The Wall That Heals exhibit will travel to Delaware Tech Owens Campus for a four day, heartwarming experience.
On Aug. 31, the exhibit will leave the Terry Campus in Dover at approximately 11:30 a.m., making its way to the Owens campus. The replica will be escorted by the Delaware State Police and a motorcycle motorcade of more than 100 Vietnam veterans.
“The Wall That Heals has connections in every state, every community…they just come out of the woodwork,” Robert Bates, academic counselor at the Owens Campus, says.
Once in Georgetown, volunteers will help set the wall up and at approximately 6 p.m., the wall will be open for visitors.
On the following day, the campus will hold the opening ceremony at 4 p.m., featuring A Touch of Brass band and remarks provided by Vice President and Campus Director Dr. Ileana Smith, Keynote Speaker Brigadier General Terry L. Wiley and College President Mark Brainard.
The 250-foot wall, built in 1996, is completely designed and funded by donations. The wall bears the names of 58,271 men and women with names added as late as 2011 and of those 58,271 names, 122 names on the wall are from Delaware. Delaware Tech Dean of Student Affairs, Melissa Rakes, says Delaware Tech became interested in the Vietnam Veterans Memorial Fund and the wall about three years ago.
“We became a commemorative partner,” Rakes says. “We’ve been having programming at all our locations to pay respects and we’ve been looking at what programs we could bring. We’ve been working for a few years to make this happen.”
The traveling wall is half the size of the wall in Washington D.C. and travels every week from Thursday to Sunday, on Sunday pulling away to its next location. Director for Military Services at Delaware Tech, David Strawbridge, says the outpouring of love and support from local veterans is what makes having the wall in Georgetown so special.
“Once word went out all the veterans were calling me,” Strawbridge says. “It’s all about healing. People that don’t want to travel to D.C., it allows them to do so in the comfort of their home.”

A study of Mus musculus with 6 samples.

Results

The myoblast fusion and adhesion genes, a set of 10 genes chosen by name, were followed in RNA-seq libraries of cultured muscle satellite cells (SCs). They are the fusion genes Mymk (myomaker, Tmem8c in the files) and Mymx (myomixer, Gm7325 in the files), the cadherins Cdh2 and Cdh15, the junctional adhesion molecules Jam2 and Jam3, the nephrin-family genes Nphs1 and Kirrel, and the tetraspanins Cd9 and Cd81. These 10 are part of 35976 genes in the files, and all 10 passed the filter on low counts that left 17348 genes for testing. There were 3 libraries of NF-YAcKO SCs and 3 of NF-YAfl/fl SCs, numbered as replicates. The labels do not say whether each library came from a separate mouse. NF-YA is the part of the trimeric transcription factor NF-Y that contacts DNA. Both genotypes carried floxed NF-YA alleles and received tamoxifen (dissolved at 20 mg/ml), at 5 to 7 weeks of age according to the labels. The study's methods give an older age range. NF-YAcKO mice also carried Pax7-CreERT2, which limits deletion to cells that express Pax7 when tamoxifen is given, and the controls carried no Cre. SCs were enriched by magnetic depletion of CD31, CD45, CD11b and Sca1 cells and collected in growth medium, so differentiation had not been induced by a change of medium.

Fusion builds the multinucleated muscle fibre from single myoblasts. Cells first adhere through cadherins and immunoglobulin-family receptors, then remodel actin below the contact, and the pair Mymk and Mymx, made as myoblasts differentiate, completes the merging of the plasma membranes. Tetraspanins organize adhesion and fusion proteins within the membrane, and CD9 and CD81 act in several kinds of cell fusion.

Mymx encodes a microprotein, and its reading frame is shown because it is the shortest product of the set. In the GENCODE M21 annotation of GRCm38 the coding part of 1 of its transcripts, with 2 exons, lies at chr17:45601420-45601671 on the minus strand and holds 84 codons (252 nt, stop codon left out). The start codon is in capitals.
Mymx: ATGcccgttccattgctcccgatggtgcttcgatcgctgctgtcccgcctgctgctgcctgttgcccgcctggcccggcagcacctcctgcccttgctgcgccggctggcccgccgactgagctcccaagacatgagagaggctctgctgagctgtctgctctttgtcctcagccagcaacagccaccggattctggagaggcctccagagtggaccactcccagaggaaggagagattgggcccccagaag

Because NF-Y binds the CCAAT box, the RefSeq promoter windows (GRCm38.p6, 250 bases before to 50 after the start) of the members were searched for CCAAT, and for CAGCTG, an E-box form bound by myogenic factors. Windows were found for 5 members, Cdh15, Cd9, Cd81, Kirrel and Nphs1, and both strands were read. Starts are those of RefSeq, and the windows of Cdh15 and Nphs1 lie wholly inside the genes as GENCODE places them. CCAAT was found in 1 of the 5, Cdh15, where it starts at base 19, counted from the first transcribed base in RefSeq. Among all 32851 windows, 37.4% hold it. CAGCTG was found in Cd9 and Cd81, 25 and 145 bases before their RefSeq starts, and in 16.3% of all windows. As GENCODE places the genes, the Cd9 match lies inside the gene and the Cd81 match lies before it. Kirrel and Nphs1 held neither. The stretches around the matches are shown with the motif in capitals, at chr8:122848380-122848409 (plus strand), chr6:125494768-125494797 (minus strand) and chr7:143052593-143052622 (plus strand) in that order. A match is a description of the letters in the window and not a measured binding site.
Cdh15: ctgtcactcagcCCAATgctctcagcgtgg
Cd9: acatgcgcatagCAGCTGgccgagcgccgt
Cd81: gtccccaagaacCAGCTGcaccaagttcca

In order to have the wall on the Delaware Tech campus, the college has to have enough volunteers to staff it 24 hours a day. Volunteers will be available, all hours of the night to locate names on the wall for veterans and their families.
“There are going to be times a Vietnam veteran wants to come to the wall and they can do it privately with out a lot of people around,” Strawbridge says. “2 a.m., 3 a.m., they can do so and they can do so privately.”
In addition to The Wall That Heals, there will be a mobile education center present during the four day event. The mobile education center includes a timeline/map of the Vietnam War, a display of photographs inscribed on The Wall, a small portion of items left behind at The Wall and an explanation of the legacy of the Vietnam Veterans Memorial.
Rakes says those who would like to learn the story of the war and the era surrounding the conflict are more than encouraged to come.
“If they don’t have a lot of experience with the Vietnam War, this is an opportunity for them to come and learn about the sacrifices those made during the war,” Rakes says.
Delaware Tech is currently celebrating 50 years, all 50 of which have been supporting veterans. The community college currently has 1,00-1,200 veterans, military members and dependents each year.
“It’s our opportunity to give back to the community and our student veterans,” Strawbridge says.
The exhibit is free and open to the public, 24 hours a day, September 1-4 and will depart on September 4 at 4 p.m. To learn more about the exhibit, go to donate.vvmf.org/page/signup/the-wall-that-heals—georgetown-de.